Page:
From Fetishes To Racism: These Apps Hope To Change Black Singles’ Dating Experiences

Navigating the world of dating apps is no easy feat, but what’s exponentially worse than trying to figure out if someone is actually six feet tall like their profile promises? Receiving messages that are inappropriate because of your skin color.

Despite hours of scrolling, clicking, swiping, or answering personality questions, POC often find that they are as isolated on these apps as they were in a bar or at a party.

Gendered racism on dating apps is not news. Yet we know rather little about how the daters experience gendered racism and how online dating shapes their understanding of race apart from the small scale studies that have recently been conducted.

BLK, which is reportedly the largest dating app for Black singles, recently conducted an in-app survey on whether or not Gen Z/ Young Millennial Black women feel safe dating online, and some readers may find the results surprising.

78% of respondents ages of 18-34 don’t feel safe as a Black woman in America. 34% of respondents ages 18-34 don’t feel safe on mainstream dating apps. 67% of respondents feel safer dating on BLK. 64% of respondents don’t feel safe as a Black woman in America*. 29% of respondents don’t feel safe dating on mainstream dating apps*

One Cosmopolitan writer recently wrote: “It’s easy for non-Black people, white men especially, to capitalize on exoticism [on dating apps] when they don’t have a reason to present the relationship to the public sphere.”

She described how non-Black men often message her lewd remarks about her body or ask if she can “twerk,” among other alarming stereotypes.

For Stephanie Yeboah, dating apps have been plagued by the racism of a fetishizing nature, with men she speaks to making perverse assumptions based on her black heritage.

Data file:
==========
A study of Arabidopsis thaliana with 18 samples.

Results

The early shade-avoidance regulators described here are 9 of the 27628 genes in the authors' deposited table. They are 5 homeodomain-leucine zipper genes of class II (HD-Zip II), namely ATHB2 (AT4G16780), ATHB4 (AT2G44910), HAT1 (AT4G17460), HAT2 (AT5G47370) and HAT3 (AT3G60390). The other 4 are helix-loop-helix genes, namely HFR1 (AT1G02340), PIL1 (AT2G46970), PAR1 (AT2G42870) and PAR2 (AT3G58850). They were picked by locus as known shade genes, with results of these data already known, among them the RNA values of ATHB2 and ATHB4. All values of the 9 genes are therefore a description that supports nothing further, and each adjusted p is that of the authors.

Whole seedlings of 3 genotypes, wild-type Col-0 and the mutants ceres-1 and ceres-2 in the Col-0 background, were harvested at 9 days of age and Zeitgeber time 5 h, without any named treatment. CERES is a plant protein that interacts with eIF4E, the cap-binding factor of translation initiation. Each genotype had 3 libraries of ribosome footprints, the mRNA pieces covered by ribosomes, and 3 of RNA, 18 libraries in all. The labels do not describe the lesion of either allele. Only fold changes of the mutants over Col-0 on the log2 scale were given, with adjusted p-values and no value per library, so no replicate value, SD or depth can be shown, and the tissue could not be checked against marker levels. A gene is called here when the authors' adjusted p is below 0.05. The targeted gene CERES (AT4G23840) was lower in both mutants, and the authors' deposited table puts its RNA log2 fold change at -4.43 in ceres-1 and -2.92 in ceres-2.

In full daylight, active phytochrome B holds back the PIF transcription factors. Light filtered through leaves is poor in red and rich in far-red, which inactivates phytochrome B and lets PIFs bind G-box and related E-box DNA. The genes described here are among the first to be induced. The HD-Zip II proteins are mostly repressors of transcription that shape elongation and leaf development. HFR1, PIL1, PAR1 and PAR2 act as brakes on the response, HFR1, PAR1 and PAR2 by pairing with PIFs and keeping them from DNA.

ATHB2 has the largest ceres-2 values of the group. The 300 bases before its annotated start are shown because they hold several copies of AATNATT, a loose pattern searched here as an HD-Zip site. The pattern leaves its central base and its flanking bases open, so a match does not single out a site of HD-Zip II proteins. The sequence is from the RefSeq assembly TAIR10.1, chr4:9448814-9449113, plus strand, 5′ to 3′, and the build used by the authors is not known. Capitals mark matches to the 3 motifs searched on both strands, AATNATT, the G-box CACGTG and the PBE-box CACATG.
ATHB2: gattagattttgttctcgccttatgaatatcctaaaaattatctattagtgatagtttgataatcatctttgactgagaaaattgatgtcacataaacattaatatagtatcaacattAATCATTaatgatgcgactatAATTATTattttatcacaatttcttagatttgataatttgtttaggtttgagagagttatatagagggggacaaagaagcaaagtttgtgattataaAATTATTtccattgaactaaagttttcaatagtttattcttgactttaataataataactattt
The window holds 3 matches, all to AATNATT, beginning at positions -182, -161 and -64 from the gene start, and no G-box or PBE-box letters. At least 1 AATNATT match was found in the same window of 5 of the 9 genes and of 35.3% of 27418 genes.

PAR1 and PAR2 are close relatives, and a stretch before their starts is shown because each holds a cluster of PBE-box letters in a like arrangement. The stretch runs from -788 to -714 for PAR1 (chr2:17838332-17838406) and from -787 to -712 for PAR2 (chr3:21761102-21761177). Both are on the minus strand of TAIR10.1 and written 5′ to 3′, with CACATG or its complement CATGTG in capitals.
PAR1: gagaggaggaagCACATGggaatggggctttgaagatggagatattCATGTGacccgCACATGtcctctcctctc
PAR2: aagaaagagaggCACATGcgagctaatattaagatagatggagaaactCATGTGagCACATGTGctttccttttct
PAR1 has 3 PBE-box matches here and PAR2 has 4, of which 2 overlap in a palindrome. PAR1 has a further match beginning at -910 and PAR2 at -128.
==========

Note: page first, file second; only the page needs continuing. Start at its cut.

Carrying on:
“Some blatantly exclaim that they would want to be in a relationship [with me] to ‘get a taste of jungle fever’ and to see whether black women are ‘as aggressive in bed as they’ve heard,” she told The Independent back in 2018.

“Comments such as these are extremely dehumanizing to me and other black women who are only looking for companionship,” she continues.

As more recent op-eds and think pieces have highlighted before, the Black, Latino/a, and Asian experience on dating apps are entirely different than the experience of white people.

According to the research presented in The Dating Divide, which includes interviews with online daters as well as an analysis of anonymized internal data provided by a mainstream U.S. dating site, Asian, Latino/a, and white straight men and gay women are all unwilling to message Black women on dating apps.

Additionally, Asian, Latina, and white straight women all refute messages from Black men, while Asian, Latino, and white gay men are also unlikely to message Black men. Does this collective anti-Blackness simply come down to an unintentional, harmless preference or is it a product of modern-day digital sexual racism derived from historical white supremacist roots?

Black love meets Black business

BlackGentry is a Black dating app designed for ambitious and intentional singles.

In an effort to boost sales for Black-owned establishments, the app will highlight local restaurants, events, and lounges to its users. Users will be able to view images of the business, contact details, a website URL, and a synopsis of the business all in one convenient location, according to a press release.

This feature of the app serves as an additional incentive for users to plan dates at any of the venues displayed. Most app-based dates aim for a fun, low-stress environment where they can get to know each other at their own pace and choosing a location might be difficult. BlackGentry’s new feature helps by compiling a list of appropriate locations from which its users can select a restaurant, bar, or event to attend.

Since Black-owned businesses can contact the BlackGentry team to be listed and promoted on the app’s directory for free, this feature proves to be yet another fantastic aspect of the app. It’s a personal mission of ZeelTech’s to transform BlackGentry into an advocate for Black culture in all its forms: Black love, Black excellence, and Black-owned businesses.

We haven’t used the app ourselves, but if you do, let us know how it goes.

Abbianca Makoni

Abbianca Makoni is a content executive and writer at POCIT! She has years of experience reporting on critical issues affecting diverse communities around the globe.